Newsday continues to do a great job covering the reverse mortgage industry and over the weekend provided a well balanced article on the pros and cons of seniors using the product.
Newsday writer, Ronald E. Roel spoke with a range of people including Meg Burns, director of Single Family Program Development for the Federal Housing Administration, who said that reverse mortgages are likely to remain popular because of longer life expectancy and a desire of a majority of seniors to stay in their homes as they age.
The program has seen several changes over the last year including higher loan limits, the HECM for purchase, and co-ops which are expected to be eligible in the "next several months," said Burns.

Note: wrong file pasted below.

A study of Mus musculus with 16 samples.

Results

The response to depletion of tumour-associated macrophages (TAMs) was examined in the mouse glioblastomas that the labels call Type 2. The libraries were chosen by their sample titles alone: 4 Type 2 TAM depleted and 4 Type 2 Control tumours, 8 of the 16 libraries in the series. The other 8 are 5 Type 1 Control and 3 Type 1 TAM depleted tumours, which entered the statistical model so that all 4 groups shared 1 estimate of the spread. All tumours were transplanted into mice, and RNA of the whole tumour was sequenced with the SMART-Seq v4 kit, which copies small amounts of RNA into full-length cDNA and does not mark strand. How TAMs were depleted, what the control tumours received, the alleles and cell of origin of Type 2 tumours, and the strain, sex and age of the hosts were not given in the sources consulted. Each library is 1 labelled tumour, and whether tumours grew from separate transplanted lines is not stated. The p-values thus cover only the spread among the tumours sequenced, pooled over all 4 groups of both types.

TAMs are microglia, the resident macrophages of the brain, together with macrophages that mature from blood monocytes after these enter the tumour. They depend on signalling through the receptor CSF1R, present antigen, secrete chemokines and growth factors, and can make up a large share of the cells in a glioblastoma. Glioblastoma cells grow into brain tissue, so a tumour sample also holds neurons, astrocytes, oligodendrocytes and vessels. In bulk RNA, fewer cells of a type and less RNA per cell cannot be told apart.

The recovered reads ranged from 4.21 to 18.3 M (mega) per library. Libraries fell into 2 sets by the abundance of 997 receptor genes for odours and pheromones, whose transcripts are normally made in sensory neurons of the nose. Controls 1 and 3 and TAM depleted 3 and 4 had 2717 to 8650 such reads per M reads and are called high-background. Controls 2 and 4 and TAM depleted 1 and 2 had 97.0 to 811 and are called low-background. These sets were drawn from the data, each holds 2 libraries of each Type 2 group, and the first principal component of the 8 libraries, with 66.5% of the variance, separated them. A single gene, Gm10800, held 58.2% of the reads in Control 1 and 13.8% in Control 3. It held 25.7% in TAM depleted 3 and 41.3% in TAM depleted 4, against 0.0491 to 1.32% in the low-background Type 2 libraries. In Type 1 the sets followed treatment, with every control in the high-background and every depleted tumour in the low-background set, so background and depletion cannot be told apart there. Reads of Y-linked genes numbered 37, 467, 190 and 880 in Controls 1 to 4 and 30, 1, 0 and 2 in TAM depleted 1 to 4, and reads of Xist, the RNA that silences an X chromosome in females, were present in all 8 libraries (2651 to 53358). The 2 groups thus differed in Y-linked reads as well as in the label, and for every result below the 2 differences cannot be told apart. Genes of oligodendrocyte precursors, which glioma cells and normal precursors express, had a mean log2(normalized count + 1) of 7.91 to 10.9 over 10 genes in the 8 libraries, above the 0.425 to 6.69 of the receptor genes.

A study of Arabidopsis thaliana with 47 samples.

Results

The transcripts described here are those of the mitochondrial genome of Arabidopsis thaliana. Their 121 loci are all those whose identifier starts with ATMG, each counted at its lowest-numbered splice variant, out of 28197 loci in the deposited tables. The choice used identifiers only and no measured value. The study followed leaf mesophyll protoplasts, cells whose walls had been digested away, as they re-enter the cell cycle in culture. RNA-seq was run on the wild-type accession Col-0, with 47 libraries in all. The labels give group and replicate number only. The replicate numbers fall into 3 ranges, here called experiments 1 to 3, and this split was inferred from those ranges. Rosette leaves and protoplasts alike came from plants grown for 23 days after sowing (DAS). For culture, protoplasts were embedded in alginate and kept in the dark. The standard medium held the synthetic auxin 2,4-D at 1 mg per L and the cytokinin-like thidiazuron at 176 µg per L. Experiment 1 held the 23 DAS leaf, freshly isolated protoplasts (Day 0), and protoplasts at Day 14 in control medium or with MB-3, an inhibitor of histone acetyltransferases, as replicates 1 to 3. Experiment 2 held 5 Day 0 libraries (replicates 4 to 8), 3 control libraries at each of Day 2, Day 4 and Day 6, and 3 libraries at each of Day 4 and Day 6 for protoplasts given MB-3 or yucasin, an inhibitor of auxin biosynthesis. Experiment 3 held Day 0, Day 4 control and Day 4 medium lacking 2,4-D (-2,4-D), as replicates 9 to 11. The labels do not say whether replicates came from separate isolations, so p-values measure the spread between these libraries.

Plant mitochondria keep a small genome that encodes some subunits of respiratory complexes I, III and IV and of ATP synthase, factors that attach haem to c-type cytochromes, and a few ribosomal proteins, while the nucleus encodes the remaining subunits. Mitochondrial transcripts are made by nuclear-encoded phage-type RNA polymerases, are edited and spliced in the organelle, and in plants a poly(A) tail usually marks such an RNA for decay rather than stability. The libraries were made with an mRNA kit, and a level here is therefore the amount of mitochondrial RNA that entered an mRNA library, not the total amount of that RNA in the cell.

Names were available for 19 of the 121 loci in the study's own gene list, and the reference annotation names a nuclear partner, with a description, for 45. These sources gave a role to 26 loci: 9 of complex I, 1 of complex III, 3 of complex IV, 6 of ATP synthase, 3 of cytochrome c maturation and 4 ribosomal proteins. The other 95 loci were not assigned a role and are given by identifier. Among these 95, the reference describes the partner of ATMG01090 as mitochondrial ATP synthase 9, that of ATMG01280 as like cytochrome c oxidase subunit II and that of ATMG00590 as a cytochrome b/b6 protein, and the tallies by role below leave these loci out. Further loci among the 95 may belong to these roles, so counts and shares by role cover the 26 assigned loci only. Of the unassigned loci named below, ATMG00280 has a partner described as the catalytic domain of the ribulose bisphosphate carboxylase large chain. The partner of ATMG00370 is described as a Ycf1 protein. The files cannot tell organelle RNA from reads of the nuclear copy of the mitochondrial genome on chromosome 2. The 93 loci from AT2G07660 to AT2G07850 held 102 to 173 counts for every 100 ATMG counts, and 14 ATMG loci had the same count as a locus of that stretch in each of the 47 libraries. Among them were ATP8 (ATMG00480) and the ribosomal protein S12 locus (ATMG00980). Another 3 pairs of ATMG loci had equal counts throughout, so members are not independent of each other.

Despite all of the improvements, critics say that reverse mortgages can be complex loans, and that borrowers often don’t understand the terms or how fees and interest charges can mount.
"By every account, they’re pretty complicated," says Richard Jurgens, a consumer advocate at the National Consumer Law Center (NCLC), Boston-based nonprofit group. "They’re pretty hard to navigate without help."
The NCLC released a report on reverse mortgages earlier this month and told Newsday that some big banks are mass-marketing reverse mortgages to consumers because they see the "potential for growth in a tough lending environment".
The article included interviews with others in the industry including executive vice president of the Agency for Consumer Equity, Dennis Haber and George Lopez, vice president of James B. Nutter & Co. Well worth the read.